Southern Trip Discoveries: An Addendum to a Past Post- Moravians Were Copyists Far and Wide
By Olivia Armandroff, WPAMC Class of 2020
In a previous post, I explored a collection of drawings from the late eighteenth and early nineteenth centuries done by students at Nazareth Hall, a Moravian Boarding School in Pennsylvania, which are now collated in a scrapbook in the Joseph Downs Collection of Manuscripts and Ephemera at Winterthur. The students’ work shows they were adept at copying from prints, such as The Death of General Schwerin, which one student attributed to an original painting by George Beckel, and copies of architectural renderings from Pain’s British Palladio. These copies show how a small, rural early-American community was invested in a larger and longer art historical tradition.
On Winterthur’s trip to the South, I had the opportunity to visit a different Moravian settlement—Salem, North Carolina—and explore the Museum of Early Southern Decorative Arts’ collection of Moravian art and material goods—including paintings by Christian Daniel Welfare (1796–1841). Welfare’s early years in Salem were spent teaching at the Boys School, where he excelled at drawing instruction. Students were working with red chalk and likely watercolor, and Welfare would have facilitated the production of a body of work that was likely very similar to that going on simultaneously in Nazareth.
While Welfare gave up his work at the Boys School, he did not abandon copying. At only twenty, he was known in his community as an artist, and he received a commission from the local botanist Ludwig Von Schweinitz to copy a book containing images of fungi. Eight years later, Welfare traveled to Pennsylvania to receive a formal education in painting with Thomas Sully, and part of that education, as was the norm in both American and European academies, included recreating the works of celebrated masters. In Philadelphia, Welfare copied Jacques-Louis David’s Napoleon Crossing the Alps which was exhibited at the Pennsylvania Academy of the Fine Arts between 1822 and 1829 (Figure 1). In addition, he copied Sir Joshua Reynolds’s portrait of John Hunter, taking artistic liberties, including endowing Hunter with a sterner countenance and simplifying the backdrop (Figures 2 and 3). Copying was not only an educational tool or a means for Welfare to establish his career, indeed, he continued to copy artwork throughout his life, and on a later 1832 visit to Europe for the Moravian Synod, he copied Pompeo Batoni’s The Reclining Magdalene.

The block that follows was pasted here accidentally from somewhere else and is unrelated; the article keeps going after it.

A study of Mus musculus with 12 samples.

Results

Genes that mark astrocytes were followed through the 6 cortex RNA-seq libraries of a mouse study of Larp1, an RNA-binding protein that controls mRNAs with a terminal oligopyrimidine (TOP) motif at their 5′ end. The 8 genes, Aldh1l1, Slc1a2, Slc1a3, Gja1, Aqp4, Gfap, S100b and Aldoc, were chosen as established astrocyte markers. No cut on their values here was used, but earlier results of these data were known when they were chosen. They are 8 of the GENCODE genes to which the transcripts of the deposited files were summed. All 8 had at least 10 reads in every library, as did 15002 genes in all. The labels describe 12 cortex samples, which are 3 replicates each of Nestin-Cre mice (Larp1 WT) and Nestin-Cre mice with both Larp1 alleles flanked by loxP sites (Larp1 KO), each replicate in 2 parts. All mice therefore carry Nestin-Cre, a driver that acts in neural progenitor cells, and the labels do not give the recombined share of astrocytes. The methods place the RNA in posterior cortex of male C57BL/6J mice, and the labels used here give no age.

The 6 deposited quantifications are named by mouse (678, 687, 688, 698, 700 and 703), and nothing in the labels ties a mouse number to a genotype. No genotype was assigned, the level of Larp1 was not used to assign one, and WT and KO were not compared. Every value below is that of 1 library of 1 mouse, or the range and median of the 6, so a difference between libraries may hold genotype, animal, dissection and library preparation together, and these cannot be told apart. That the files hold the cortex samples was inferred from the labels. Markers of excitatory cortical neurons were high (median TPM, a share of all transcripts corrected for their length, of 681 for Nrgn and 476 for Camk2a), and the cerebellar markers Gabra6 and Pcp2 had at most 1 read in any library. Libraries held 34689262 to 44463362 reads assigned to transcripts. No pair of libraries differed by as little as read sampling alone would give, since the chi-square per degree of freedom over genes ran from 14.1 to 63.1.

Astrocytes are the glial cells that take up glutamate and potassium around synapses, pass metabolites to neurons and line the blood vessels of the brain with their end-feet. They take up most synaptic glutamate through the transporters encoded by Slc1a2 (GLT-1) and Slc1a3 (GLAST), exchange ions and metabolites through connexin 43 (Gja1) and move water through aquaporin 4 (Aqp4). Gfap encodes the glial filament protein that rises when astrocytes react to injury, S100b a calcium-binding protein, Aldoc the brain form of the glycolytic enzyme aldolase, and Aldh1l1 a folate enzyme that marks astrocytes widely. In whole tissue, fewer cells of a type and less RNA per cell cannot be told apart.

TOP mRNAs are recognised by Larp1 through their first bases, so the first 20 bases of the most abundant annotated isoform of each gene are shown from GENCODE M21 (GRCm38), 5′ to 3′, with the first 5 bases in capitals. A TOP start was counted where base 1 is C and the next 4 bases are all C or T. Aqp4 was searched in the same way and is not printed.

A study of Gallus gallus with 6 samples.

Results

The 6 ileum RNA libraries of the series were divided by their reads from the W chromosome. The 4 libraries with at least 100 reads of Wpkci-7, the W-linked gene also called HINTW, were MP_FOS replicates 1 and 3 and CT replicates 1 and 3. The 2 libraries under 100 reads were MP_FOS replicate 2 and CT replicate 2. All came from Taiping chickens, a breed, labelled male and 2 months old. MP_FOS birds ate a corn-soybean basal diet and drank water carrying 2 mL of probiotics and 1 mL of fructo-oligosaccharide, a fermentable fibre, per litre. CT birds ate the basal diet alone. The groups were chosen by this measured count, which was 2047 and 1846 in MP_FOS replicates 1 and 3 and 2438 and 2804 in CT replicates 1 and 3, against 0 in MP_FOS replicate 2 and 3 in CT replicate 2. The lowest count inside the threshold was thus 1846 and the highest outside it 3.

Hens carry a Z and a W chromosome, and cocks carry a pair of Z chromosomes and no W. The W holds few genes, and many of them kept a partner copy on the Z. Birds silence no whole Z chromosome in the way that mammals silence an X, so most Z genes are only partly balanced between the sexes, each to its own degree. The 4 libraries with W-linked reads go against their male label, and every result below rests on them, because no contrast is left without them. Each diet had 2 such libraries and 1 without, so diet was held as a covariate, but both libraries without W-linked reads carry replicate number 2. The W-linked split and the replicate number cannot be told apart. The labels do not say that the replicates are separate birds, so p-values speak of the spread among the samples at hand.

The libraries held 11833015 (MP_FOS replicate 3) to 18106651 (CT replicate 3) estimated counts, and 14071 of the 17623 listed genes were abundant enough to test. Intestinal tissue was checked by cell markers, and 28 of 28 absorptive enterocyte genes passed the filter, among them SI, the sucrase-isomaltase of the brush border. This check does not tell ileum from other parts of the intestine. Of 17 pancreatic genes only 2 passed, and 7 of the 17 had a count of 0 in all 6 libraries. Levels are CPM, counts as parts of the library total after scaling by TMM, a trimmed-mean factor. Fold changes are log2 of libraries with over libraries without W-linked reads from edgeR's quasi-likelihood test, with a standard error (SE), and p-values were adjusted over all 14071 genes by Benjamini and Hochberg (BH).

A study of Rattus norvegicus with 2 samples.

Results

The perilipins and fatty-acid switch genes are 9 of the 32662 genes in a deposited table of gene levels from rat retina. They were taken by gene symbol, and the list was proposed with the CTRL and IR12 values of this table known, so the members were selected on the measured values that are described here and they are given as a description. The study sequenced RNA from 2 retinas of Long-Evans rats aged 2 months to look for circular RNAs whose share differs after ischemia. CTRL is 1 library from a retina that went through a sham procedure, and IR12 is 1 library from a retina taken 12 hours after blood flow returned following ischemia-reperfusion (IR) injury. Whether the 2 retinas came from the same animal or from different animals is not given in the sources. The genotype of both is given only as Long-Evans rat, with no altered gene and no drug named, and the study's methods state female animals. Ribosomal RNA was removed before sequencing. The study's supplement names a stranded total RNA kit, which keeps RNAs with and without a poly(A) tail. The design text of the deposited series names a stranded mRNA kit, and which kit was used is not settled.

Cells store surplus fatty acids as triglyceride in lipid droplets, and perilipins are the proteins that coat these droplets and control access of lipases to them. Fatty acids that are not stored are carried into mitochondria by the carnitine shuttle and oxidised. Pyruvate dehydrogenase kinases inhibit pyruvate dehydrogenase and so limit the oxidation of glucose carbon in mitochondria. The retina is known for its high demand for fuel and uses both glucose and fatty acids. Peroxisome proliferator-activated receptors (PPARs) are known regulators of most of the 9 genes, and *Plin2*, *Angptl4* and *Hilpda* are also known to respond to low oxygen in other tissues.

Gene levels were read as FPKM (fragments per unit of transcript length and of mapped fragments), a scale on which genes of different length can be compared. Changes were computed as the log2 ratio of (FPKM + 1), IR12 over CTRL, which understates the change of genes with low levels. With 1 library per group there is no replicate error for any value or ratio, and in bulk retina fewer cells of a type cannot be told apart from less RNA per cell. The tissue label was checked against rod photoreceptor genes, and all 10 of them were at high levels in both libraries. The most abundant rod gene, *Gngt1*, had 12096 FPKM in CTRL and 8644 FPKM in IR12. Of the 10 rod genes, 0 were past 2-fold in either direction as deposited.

After his education was complete, Welfare returned to North Carolina not only with his copies but with a wealth of cosmopolitan experience, including a familiarity with exhibition spaces such as that of Charles Willson Peale’s museum in Philadelphia. It was likely this precedent that inspired Welfare to set up his own picture gallery in Salem in 1828, which featured changing exhibits of his own and other artist’s work, including the copies Welfare had completed in Philadelphia. As I discussed in my blog post about Nazareth, copies of famous artwork would have functioned as tools of instruction; but in Salem, their placement in a public display suggests copies were a source of entertainment for the community as well. For Welfare, they were a demonstration of his worldly knowledge.
While the copies in the Nazareth scrapbook are diverse in subject—from pastoral landscapes, to battle views, to anatomical renderings—no piece recreates a religious scene. In contrast, it seems Welfare sought out a religious copy for his gallery. On a subsequent trip to Philadelphia in 1835, he acquired a monumental Chinese copy from Thomas Sully of Leonardo da Vinci’s famous The Last Supper, measuring seven feet and ten inches wide by four feet and ten inches tall (Figure 4). Although Welfare may have been able to copy the precedent himself, he instead chose to invest in the work of other copyists, and by doing so, he involved himself in an international community of artists doing similar work as his own.
Once hung in the gallery, the copy of The Last Supper would have joined other religious works. Welfare had painting images of Christ early in his career, before departing for Philadelphia, and he continued to work on religious subjects after his return. He was also a collector of Christian works by the Bethlehem Moravian artist, John Valentine Haidth. It is interesting to wonder about how Welfare’s Moravian peers in Salem, the visitors to his gallery, would have reacted to Leonardo’s iconic Catholic image in contrast to other religious works by Moravian artists. Would the copy of Leonardo functioned as a devotional object in the gallery space? Or would it have served a similar role as the other copies exhibited in the gallery and been valued as an emblem of artistic virtuosity and painterly beauty?